Inside The Fascination With “Reborn” Babies
“It’s a comfort,” described Katie Lombard on the TODAY show this morning of her growing collection (she currently has 20) of Reborn Babies. “Toddlers, preemies, newborns; I have a whole nursery room set aside for them.”
What are Reborn Babies you ask? They are the most life-like dolls you’ll ever see, made by women like Lynn Katsaris of Arizona (pictured below) who was recently featured on the season finale of TLC’s My Crazy Obsession. “Realism, that’s the goal,” says Lynn of her dolls. “The more realism there is, the better it is.” The dolls are made with realistic facial expressions and they are even given names which suit their perceived personality and personal traits. The process of creating a reborn doll is referred to as “reborning” and the doll artists are referred to as “reborners.”
Some consumers of reborn dolls (and most are older women) use them to replace a child they once lost, or a child that has grown up. Others collect reborns as they would regular dolls. These dolls are usually taken seriously and are cared for like an infant. The process of buying a reborn can be done to simulate an adoption process and as part of this, the dolls often come with fake birth certificates or adoption certificates. Critics debate whether reborn dolls are harmful and “creepy” and whether they can help in the grieving process and relaxation at all, and department stores have refused to stock them for these reasons. A vinyl doll kit is seen below, shown side by side (unpainted parts and painted “reborn” doll) to give you an example of how surreal these dolls are.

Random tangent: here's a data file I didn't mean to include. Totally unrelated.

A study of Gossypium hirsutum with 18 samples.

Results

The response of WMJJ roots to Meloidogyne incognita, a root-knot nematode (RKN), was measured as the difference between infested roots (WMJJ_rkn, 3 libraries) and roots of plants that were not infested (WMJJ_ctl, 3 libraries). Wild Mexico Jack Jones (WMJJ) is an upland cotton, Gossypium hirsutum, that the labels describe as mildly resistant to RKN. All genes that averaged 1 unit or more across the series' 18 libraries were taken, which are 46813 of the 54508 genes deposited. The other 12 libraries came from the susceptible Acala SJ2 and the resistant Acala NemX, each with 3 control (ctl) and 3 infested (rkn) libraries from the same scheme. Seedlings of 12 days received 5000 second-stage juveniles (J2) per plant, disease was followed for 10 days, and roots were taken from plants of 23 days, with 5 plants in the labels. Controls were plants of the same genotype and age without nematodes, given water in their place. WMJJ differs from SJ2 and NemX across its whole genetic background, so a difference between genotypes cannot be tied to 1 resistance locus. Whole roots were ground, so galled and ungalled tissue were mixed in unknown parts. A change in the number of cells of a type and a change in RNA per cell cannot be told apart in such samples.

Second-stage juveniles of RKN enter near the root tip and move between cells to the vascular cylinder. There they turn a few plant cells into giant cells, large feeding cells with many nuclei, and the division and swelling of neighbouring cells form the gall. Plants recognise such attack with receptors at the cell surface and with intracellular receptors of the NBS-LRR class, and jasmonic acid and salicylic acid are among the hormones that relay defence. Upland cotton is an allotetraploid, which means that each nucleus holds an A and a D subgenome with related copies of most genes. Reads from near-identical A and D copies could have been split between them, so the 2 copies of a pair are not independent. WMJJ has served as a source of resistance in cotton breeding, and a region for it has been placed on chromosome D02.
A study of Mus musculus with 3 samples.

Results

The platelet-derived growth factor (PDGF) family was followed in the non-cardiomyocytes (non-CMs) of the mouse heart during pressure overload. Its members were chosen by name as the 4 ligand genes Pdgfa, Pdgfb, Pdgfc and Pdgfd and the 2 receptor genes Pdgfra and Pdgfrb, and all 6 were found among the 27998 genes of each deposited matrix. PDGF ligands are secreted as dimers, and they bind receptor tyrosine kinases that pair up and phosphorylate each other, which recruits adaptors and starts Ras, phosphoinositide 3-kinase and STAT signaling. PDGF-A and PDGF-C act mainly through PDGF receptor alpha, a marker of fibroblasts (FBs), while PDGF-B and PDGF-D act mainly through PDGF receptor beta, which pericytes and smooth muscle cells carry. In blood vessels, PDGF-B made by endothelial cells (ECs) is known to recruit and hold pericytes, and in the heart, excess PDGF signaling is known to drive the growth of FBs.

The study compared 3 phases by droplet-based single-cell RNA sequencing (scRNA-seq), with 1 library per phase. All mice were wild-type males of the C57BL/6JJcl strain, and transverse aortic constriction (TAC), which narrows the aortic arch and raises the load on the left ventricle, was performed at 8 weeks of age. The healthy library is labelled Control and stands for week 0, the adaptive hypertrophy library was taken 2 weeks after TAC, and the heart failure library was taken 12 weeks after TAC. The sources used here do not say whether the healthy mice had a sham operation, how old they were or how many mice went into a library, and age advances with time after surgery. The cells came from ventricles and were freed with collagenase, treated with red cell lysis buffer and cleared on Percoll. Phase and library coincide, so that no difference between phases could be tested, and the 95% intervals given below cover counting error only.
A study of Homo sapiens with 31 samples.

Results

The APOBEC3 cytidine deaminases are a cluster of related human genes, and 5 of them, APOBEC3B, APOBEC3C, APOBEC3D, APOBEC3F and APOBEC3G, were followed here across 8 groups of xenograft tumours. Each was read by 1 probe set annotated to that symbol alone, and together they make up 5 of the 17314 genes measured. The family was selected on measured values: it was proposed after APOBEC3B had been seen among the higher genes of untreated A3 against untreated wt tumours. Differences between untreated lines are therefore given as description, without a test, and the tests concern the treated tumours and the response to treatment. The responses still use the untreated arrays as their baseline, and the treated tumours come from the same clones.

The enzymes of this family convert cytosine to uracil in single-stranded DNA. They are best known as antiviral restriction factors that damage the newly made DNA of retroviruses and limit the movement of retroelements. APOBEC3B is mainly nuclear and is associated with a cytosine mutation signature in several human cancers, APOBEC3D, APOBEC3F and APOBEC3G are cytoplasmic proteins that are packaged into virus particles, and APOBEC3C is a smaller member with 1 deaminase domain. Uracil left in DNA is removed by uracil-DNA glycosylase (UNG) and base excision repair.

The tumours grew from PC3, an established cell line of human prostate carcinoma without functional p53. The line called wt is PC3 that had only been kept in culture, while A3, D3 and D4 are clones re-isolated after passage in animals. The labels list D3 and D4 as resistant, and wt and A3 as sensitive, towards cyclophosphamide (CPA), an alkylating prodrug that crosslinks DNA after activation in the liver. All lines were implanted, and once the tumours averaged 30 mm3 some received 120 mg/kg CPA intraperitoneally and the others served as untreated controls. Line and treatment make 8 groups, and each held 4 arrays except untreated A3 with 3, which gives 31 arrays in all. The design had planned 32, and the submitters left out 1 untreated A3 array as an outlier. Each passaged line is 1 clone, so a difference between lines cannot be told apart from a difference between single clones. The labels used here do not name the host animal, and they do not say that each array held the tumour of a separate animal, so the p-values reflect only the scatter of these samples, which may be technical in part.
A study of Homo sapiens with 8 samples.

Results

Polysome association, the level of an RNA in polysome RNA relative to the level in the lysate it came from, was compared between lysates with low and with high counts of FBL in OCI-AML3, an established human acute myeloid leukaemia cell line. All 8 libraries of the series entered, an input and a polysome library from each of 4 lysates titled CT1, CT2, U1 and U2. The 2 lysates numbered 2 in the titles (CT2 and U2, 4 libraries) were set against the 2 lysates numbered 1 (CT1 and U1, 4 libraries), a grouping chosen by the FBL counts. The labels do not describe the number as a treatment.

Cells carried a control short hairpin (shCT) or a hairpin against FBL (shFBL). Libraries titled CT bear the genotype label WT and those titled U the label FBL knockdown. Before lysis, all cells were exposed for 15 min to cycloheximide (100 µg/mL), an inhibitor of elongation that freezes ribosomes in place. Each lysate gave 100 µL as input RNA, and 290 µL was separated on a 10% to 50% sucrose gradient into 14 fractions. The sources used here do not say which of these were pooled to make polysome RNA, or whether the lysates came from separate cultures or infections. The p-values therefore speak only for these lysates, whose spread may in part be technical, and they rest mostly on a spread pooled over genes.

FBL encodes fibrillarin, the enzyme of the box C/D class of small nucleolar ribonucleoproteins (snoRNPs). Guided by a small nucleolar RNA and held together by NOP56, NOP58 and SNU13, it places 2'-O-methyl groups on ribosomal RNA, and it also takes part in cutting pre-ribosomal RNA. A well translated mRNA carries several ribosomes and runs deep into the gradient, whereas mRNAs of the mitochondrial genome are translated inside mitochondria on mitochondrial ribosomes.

Reborn dolls are usually found online and can be purchased through eBay, artists’ online stores (often termed nurseries) and conventions/fairs. Incomplete crafting “kits” to create your own reborns can also be purchased from various online stores. There is a large price range depending on the quality of the doll but they can sell anywhere from hundreds to thousands of dollars.